My parents' restaurants, in and around Sacramento, were named Murrieta Mexican Restaurant. They were named after the family.
The menu featured what my dad called "early California cuisine": traditional moles, carne asada, chile rellenos, along with my dad's inventions like crepe enchiladas in mushroom cream sauce and "Mexican Wellington" -- marinated sirloin, chiles and cheese in puff pastry.
The front of the menus featured a charcoal portrait of a notorious, perhaps mythical Gold Rush-era highwayman, Joaquin Murrieta.
My dad says we're related to Joaquin Murrieta, whom some historians record as the inspiration for the Zorro legend. I've learned not to argue with my dad, but let's say that I claim to be the great-great-great grandson of Joaquin Murrieta only when it serves my purposes, like, say, when flirting with sexy history majors or gilding my resume.
Joaquin Murrieta crossed my radar again today while reading the New York Times travel section. In a story about Calgary, Alberta, there's a mention of Murrieta's West Coast Bar & Grill. I visited the Web site and read the Canadian restaurant's reason for naming itself after a Mexican avenger whose head was (allegedly) cut off by order of California's governor:
What was it about the infamous gentleman bandit Joaquin Murrieta that so inspired us to name our restaurant after him?
His sense of adventure and passion for life.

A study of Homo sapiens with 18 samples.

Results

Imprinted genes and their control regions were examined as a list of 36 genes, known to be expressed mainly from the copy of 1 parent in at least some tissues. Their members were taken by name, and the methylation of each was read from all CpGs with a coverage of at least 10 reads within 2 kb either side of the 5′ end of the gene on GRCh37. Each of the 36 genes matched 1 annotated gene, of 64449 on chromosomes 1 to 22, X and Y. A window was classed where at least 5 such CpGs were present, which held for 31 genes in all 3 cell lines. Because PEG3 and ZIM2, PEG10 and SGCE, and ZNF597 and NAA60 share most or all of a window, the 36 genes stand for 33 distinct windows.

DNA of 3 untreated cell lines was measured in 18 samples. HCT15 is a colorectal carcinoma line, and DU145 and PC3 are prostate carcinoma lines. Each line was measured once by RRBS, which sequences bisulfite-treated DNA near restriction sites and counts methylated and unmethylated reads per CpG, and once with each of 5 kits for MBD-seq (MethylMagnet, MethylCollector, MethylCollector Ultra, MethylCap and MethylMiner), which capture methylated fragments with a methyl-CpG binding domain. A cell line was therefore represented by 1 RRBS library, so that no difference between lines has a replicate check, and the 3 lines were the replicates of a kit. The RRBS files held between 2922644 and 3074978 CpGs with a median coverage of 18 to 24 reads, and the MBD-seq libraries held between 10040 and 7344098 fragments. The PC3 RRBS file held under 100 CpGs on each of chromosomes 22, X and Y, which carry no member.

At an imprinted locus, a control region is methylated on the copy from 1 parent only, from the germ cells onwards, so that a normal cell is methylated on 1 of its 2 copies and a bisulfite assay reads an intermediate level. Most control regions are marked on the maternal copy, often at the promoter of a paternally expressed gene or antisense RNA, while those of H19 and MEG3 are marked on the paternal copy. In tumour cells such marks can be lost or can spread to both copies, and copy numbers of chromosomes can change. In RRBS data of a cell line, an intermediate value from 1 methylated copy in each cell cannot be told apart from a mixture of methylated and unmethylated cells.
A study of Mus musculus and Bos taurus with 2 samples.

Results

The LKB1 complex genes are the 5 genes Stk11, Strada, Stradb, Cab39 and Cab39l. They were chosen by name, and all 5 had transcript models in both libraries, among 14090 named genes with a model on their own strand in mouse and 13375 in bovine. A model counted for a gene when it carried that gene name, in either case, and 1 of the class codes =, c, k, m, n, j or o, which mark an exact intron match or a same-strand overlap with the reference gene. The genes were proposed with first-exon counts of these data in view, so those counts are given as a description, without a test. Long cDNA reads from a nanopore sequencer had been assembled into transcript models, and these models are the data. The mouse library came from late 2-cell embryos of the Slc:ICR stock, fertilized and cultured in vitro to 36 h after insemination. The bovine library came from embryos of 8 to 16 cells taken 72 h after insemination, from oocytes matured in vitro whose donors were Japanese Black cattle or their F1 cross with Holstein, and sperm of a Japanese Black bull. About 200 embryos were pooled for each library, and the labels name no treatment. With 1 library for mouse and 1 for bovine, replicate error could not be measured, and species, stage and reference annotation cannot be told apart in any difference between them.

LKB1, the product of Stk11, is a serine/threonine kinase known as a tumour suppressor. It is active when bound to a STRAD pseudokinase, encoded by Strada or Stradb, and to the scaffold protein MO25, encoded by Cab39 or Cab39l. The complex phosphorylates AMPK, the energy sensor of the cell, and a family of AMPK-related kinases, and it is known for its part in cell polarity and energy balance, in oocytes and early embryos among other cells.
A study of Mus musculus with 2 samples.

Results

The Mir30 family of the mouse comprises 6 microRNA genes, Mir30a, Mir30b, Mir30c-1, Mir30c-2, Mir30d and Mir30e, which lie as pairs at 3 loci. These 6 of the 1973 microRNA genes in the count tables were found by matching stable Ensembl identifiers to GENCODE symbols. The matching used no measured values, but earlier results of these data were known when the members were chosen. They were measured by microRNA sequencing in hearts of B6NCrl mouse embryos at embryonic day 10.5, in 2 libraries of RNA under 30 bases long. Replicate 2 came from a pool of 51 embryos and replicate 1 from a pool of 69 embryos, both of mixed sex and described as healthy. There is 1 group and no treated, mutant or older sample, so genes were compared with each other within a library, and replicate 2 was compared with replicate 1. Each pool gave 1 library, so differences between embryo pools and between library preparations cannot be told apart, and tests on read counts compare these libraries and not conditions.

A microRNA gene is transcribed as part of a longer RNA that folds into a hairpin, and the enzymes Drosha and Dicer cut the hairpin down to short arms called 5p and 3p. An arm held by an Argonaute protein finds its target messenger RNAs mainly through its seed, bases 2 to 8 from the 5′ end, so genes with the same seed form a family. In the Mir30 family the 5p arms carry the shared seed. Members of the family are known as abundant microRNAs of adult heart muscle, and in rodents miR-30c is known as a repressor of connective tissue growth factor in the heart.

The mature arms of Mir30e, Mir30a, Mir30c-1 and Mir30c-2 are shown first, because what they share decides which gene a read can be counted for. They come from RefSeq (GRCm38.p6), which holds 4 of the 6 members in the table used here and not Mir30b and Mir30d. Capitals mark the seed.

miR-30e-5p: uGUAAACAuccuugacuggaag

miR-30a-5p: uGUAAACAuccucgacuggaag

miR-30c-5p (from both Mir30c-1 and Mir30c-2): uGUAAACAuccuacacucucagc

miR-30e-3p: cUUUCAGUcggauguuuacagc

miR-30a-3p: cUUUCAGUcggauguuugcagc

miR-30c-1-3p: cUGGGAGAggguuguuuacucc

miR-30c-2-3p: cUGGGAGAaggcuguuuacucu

Known as the "Robin Hood of El Dorado", Joaquin Murrieta lived life with a heroic passion and outlaw honor that became legend in a land of cruelty and lawlessness. His seemingly single-handed acts of bravado and daring across the rolling hills of California's now world famous gold rush country were the stuff of pure, western fantasy and no man, horse or pouch of gold was safe.
A century later, as the sun continues to ripen the grapes adorning the hills of gold he once raided, Joaquin Murrieta, part man, part myth lives on. Today, at Murrieta's West Coast Grill we continue to raise a glass to this enduring, elusive legend.
What was once romantic legend continues to this day, as Murrieta's Westcoast Grill is hailed as one of Calgary's most celebrated and sumptuous places to dine. Situated within the spectacularly renovated walls of the Alberta Hotel building (c.1890) we offer a feast not only for the senses… but for the soul as well, with something unique to offer every distinctive palate.
Except for grilled chorizo, the menus at Murrieta's West Coast Bar & Grill look about as Mexican as Charlton Heston in "Touch of Evil": salmon Cobb salad, lamb meatballs and spaghetti, tiger prawn tagliatini and rare ahi.
Como se dice "whatever?"
I'm not looking for royalties on the use of my family's name. I'm just curious why Murrieta's West Coast Bar & Grill doesn't serve Joaquin's wines -- those made by Murrieta's Well, in California's Livermore valley, where it's said Joaquin watered his horses and hid his gold.